NEW YORK – You want to believe her. Boy do you want to believe her.
Marion Jones should be the poster child of the United States Olympic Team heading into the Athens Games. Personable, popular and intelligent, the sprinter/long jumper who won three gold medals in Sydney represents everything there is to like about the Olympics.
And this time around she's added a twist: She's a new mother (her son was born in June 2003) trying to reclaim old glory.
Instead she finds herself amid the swirl of questions about steroids, about BALCO, about the concern that we will send dirty athletes to Athens.
"I have always been drug free, I am drug free and I will continue to be," Jones said Sunday.
And so you want to believe her. You want this whole thing to end.
But what of her ties to BALCO founder Victor Conte? What of reports that Conte told a federal grand jury he supplied the designer steroid THG to Jones? What of her subsequent grand jury testimony? What of her past praise of Conte's work? What of the positive test of her ex-husband, shot putter C.J. Hunter? Or the BALCO ties of her current live-in boyfriend and the father of her child, sprinter Tim Montgomery?
Jones met the national media on Sunday here in midtown Manhattan. Unfortunately for everyone (particularly Jones), she provided few answers to the key questions that are fueling the speculation.
She refused to discuss her grand jury testimony or anything regarding Conte, whom the federal government alleges ran a steroid ring out of his Bay Area laboratory. She said she had been told not to, although not by federal investigators.
Jones said her "P.R. team [and] lawyer" said she should say nothing specific.
She needs a new P.R. team then. It makes no sense for an innocent person to let her reputation be sullied by unfair and unfounded suspicions. You'd think someone in that situation wouldn't shut up.
Give Jones credit for this much: At least she showed up. Montgomery, to whom Conte also reportedly told the grand jury he supplied THG, was slated to appear but fell suspiciously "ill" at the last minute.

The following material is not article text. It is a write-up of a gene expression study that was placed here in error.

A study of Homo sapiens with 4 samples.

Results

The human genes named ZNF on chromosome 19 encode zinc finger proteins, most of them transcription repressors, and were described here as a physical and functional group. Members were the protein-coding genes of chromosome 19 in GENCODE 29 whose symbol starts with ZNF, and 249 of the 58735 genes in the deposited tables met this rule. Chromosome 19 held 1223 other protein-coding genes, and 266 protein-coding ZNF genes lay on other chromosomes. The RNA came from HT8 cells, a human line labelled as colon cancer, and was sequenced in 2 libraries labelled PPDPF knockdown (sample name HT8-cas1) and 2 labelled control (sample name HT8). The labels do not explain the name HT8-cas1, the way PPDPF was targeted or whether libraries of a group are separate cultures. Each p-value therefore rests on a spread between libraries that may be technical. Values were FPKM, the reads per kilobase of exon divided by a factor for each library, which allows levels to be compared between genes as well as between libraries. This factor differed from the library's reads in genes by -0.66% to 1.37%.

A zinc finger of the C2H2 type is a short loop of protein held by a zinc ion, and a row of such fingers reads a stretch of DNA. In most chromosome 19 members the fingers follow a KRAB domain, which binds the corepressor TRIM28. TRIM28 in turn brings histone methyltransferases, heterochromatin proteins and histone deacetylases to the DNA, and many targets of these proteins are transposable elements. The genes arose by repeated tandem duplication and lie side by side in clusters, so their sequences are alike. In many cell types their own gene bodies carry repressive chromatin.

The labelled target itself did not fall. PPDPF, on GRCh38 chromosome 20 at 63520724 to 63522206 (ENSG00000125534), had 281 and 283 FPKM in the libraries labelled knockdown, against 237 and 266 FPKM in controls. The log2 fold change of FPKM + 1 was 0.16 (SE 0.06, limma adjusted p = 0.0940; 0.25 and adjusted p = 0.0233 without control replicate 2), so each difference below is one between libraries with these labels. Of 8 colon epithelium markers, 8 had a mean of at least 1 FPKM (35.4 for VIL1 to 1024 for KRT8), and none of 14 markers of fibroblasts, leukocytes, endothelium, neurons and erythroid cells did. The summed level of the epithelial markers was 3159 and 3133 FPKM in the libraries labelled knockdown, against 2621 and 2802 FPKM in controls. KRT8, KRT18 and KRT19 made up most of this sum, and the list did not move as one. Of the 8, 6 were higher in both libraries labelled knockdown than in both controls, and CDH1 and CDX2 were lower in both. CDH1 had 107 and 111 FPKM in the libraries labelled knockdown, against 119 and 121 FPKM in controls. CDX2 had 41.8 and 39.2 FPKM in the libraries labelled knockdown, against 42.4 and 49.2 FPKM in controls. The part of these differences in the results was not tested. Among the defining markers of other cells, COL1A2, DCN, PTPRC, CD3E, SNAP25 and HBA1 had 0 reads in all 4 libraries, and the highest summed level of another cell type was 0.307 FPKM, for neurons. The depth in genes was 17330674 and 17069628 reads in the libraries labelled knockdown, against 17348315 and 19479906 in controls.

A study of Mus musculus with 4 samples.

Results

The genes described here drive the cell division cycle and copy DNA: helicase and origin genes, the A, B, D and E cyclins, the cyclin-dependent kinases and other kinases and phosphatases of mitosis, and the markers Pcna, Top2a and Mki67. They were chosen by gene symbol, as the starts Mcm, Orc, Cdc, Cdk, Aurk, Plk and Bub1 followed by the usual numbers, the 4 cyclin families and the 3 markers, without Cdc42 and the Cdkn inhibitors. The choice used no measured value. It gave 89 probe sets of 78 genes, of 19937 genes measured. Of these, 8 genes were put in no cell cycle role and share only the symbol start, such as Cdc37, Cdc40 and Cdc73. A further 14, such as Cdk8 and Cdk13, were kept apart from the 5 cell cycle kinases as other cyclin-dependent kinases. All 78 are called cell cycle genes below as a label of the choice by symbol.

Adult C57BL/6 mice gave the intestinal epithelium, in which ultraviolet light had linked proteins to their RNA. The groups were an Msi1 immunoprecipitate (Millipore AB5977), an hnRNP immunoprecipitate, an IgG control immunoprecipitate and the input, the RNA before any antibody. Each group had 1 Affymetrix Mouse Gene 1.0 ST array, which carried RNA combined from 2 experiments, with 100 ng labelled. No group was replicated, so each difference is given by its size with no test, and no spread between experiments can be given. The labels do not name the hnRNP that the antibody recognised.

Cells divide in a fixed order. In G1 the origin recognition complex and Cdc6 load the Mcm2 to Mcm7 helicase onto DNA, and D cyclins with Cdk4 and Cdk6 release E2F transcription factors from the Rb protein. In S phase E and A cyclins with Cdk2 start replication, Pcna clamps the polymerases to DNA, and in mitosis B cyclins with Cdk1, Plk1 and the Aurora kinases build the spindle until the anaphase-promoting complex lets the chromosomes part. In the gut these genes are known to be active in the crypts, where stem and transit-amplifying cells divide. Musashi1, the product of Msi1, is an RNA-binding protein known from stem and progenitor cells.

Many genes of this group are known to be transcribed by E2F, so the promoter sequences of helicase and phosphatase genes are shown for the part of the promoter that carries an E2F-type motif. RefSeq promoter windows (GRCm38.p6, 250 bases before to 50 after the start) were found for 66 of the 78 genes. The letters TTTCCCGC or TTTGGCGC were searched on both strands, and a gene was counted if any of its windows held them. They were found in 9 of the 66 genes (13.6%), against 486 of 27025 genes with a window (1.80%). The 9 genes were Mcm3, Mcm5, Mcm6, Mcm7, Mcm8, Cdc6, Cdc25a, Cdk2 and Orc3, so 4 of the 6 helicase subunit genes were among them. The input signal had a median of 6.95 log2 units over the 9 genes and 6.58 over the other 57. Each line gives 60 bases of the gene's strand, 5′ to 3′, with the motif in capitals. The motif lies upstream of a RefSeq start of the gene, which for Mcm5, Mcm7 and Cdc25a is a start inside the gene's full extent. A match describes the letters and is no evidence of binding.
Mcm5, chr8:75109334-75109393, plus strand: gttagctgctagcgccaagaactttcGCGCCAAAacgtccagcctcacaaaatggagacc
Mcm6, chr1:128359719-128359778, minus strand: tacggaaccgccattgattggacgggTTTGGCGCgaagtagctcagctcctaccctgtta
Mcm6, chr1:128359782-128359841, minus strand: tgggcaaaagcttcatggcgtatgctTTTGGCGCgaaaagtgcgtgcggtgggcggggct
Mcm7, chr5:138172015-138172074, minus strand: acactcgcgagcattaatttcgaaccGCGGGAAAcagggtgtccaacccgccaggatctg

"This morning he wasn't up to making the flight," Jones said.
Hell of a guy. He left his girlfriend to take all the heat.
Jones didn't create the public's suspicion of track athletes ("I think there has been a problem since the beginning of time," she acknowledged). But the cloud hanging over the sport is greater now than ever, in part because of these high-profile links to BALCO.
"Let's be honest," USOC president Bill Martin said. "Track and field is where most of the smoke is coming from."
America wants and deserves a clean team. Because of the war and the delicate international opinion of our country, the last thing we need is cheat athletes in Athens.
Jones says she understands her role as the face of her sport.
"I'd love to sit up here and talk about training and my goals, but this is what it is," she said. "I am one of the best in my sport, an elite athlete, a cover girl for track and field, so I have to expect to be asked things that won't be comfortable."
But then she won't answer what she's asked, even while declaring she doesn't care what the suspicious think.
"I don't live for those people," she said. "I live for myself and my family, and those people know the truth."
She opposes the controversial United States Anti-Doping Agency policy that could disqualify athletes for "non-analytical positive" tests – basically a guilty verdict based on circumstantial instead of scientific evidence (such as a drug test). She promised a lawsuit if the Agency barred her from competing in the Athens Games without a positive drug test.
"I'm not going to sit down and let someone or a group of people or an organization take away my livelihood because of a hunch, because of a thought, because of somebody who's trying to show their power," Jones said. "We live in the United States where you are supposed to be innocent until proven guilty."
That's certainly true in a court of law, but not in the court of public opinion, which she isn't doing enough to sway.
Jones was asked: What is your relationship with Victor Conte?
"I've been told not to comment on that," she said.
It's time to start commenting, Marion.
Because we want to believe you. We really do.